Silicon Valley Watcher - Former FT journalist Tom Foremski reporting from the intersection of technology and media

Lessons From Plancast - When Sharing Doesn't Work

Posted by Tom Foremski - January 23, 2012

Mark Henderson, founder and CEO of Plancast, has written an excellent article about lessons learned from operating his event planning service -- mostly popular in the Silicon Valley/San Francisco area. It contains a good analysis of the different types of users and what people are willing to share online.


There's a widespread perception that the geek community is constantly rubbing elbows but maybe that's not true, not even for the CEO of Plancast, who you would think would be out and about as an active evangelist (the "E" in CEO).

In The Uphill Battle Of Social Event Sharing: A Post-Mortem for Plancast, he writes:

Most people simply don't go to that many events, and of those they do attend, many are not anticipated with a high degree of certainty.

...I run the service, and even I currently have only five upcoming plans listed on my profile.


Mr Henderson found that there were two camps: those with lots of time to check out events and plan (probably lightly employed "consultants") and those that didn't have much free time (were full-time employed).

There was one thing that both groups shared in common: procrastination.

... most people resist making advanced commitments before they absolutely need to make them.


There were also problems in sharing: that vital currency without which there is no social web ( and that which Facebook frictionlessly pickpockets...).

He writes that there was little sharing of upcoming plans with others. He speculates that it's because there is little to be gained from sharing plans compared to the feedback from a great photo, or a smart link.

This is not true for a specific type of user: a thought leader in a particular field, who see themselves as a guide to future events for their community.

The conventional wisdom within the Web 2.0 community is that people would share their plans so that their friends can join them. Here again, Mr Henderson has had to rediscover the wheel:

... most people prefer to be rather picky about who they solicit to join them for real-life encounters.


Even when people do advertise their plans it can put a strain on their friendships.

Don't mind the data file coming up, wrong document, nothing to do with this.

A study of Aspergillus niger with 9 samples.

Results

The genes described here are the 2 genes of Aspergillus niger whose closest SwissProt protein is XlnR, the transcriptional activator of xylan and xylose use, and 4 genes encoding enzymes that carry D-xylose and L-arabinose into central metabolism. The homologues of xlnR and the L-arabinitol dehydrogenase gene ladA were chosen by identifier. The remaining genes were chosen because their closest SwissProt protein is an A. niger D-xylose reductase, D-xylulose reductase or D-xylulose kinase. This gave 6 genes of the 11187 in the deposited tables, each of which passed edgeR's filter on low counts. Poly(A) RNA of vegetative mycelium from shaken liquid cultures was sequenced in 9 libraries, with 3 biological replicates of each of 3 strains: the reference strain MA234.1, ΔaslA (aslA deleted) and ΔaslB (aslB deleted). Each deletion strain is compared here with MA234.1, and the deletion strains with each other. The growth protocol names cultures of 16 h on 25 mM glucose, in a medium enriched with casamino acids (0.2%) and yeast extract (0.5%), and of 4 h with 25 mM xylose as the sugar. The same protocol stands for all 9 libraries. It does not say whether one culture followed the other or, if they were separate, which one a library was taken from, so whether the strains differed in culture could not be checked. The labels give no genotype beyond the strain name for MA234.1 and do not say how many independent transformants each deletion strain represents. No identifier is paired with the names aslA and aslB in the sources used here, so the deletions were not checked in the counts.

... you have a situation where many people feel awkwardly aware of events to which they don't feel welcome.


Mr Henderson also discovered that events are tied to a geographic location while people's social network isn't. It turns out that people don't want to spam their friends about events only in their area. Heck, not even Mr Henderson will do that:

I may share plans for a ton of great events in San Francisco, but few to none of my friends who live outside of the Bay Area are going to care. In fact, they'll find it annoying to witness something they'll miss out on.

Notice the use of the words, "I may share plans for a ton of great events..." with just five upcoming plans on Plancast, Mr Henderson speaks hypothetically.

He concludes:

I still believe someone will eventually figure out how to make and market a viable service that fulfills our aims, namely to help people share and discover events more socially.

There's simply too much unearthed value to knowing about much of what our friends plan to do...

Imho, it is tough to build a company when the CEO and founder is a light user of their own service. I predicted correctly that Ev Williams and Biz Stone, Twitter co-founders, would leave Twitter based on their very light usage of their service.

Plancast should appoint a true enthusiast as CEO, someone who doesn't care they are spamming friends and family -- they have to have a blind spam passion! Their friends and family will forgive them because they know that's what they have to do.

The killer job interview question that most will dread: "Are you willing to spam all your friends and family about this service? Repeatedly? Daily?"

In a noisy world you have to make noise for your business -- you don't have a choice. Less is not more.